We've lost count of the number of games that have been churned out to mock US President Donald Trump. Like, Trump Card, which we reviewed on Board's Eye View two and half years ago, most are more satirical or sarcastic mockery than game. That's not the case with From Idiot to President, from Haarenwek Verlag. Tho' this tongue-in-cheek German game mocks the way in which the political parties select their candidates for the US presidency - and, yes, you'll spot some jibes at Donald Trump among many others - this is a 'proper' board game where the satire is incidental rather than supplementary to the game play.
As if to underline this point, the edition we've shown here on Board's Eye View is in German. For those who sprich kein Deutsch, you're really only missing out on the flavour text 'fake news' stories on the headline cards that display the dice rolling targets you need to hit in order to be able to place your political party's cubes out on states neighbouring the oversized pawn marker that moves around the US map board. This is an area control game (player with the most cubes on a state wins it to take any bonus cards it generates and the electoral votes it carries) with a dice rolling push-your-luck element.
From Idiot to President is played over four rounds and there's scope for strategy in deciding on whether to go for relatively easy to achieve dice-rolling targets or to risk tougher dice targets that will give you more cubes. You also have to weigh up whether to prioritise states that give you in-game bonus actions or those with the most electoral college votes. When the four rounds are up, the win goes to the player with the most electoral college delegates - so New York, California, Florida and Texas are each going to be worth rather more than less populous states like Vermont, Oregon or Iowa...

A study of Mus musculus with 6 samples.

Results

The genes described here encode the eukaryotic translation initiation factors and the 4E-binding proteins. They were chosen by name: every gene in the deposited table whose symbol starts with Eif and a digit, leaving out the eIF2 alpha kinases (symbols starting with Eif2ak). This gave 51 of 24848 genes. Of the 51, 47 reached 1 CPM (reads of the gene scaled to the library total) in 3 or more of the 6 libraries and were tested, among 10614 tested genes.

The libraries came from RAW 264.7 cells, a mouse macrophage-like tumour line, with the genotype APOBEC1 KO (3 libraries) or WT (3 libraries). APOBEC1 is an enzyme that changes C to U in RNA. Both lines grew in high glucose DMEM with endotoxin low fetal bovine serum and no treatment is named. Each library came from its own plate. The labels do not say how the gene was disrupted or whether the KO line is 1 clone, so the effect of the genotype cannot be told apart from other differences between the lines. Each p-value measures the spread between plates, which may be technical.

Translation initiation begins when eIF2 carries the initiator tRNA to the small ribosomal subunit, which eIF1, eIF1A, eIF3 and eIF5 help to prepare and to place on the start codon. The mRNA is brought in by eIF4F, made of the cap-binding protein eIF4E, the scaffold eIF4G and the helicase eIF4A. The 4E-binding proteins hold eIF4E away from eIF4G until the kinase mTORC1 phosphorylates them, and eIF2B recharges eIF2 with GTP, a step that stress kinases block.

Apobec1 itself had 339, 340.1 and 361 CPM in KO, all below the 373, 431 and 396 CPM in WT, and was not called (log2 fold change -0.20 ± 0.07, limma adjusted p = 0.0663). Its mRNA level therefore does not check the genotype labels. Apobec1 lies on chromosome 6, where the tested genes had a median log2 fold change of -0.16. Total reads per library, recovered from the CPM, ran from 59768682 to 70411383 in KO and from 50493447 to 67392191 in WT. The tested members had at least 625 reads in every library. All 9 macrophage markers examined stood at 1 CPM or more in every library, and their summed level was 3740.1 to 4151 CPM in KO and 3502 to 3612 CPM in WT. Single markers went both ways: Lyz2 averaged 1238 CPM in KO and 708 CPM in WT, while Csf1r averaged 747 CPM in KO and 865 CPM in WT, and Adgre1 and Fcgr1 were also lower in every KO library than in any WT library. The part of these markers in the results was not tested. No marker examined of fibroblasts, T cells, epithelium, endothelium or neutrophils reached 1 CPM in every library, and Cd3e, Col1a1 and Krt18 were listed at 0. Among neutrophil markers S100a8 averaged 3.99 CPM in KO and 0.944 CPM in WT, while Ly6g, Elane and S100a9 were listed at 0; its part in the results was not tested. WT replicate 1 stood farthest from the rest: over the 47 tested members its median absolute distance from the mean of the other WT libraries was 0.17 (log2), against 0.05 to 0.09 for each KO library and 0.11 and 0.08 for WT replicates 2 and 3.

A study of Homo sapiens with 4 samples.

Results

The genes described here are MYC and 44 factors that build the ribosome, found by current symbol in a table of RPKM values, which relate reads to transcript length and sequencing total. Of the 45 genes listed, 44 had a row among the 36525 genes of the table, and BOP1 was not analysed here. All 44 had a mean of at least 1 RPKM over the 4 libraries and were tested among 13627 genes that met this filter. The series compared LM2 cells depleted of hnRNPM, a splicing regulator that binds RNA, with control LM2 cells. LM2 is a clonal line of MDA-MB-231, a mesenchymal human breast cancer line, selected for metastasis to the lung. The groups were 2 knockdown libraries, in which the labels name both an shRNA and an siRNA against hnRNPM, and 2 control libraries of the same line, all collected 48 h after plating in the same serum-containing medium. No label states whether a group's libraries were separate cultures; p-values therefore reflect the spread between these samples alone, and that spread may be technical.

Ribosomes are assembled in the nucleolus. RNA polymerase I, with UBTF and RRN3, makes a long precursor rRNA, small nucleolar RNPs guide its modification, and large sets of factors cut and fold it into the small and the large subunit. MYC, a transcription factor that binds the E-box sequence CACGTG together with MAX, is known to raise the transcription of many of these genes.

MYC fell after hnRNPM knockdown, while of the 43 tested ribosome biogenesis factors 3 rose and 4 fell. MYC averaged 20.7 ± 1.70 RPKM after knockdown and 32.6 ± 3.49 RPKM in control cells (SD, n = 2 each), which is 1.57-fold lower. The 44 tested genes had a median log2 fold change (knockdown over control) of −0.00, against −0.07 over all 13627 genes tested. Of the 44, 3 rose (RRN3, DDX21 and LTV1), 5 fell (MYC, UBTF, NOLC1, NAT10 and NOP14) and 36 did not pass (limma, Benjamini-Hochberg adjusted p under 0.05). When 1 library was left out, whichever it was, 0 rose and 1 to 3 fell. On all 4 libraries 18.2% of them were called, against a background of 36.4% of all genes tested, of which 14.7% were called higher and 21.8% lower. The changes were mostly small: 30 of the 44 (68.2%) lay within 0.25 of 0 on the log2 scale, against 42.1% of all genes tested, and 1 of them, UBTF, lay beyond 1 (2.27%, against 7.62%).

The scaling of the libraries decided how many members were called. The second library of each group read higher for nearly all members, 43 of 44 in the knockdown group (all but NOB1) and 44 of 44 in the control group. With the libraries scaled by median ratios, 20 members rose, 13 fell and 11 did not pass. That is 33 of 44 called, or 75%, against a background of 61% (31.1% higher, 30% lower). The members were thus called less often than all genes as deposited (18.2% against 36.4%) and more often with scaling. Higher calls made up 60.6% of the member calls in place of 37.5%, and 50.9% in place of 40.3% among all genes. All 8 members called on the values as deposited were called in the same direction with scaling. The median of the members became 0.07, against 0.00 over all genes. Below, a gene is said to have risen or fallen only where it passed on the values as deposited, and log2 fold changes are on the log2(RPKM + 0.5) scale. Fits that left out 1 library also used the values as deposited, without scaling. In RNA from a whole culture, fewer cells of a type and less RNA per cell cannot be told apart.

Its German origins notwithstanding, From Idiot to President is no Die Macher (Stronghold / Spielworxx). Designers Florian Isensee and Philipp Grasl, and illustrator Carsten Fuhrmann, have created here a light easy-to-play game that you can expect to finish in around 40 minutes. The rules say the game is for 3–5 players but it seemed to us that the only reason it couldn't be played with just two (Republicans vs Democrats) is that in just four rounds two players would likely just seize separate states and have no need to come into head-to-head conflict. We suspect you could play this game successfully with two if you simply upped the number of rounds.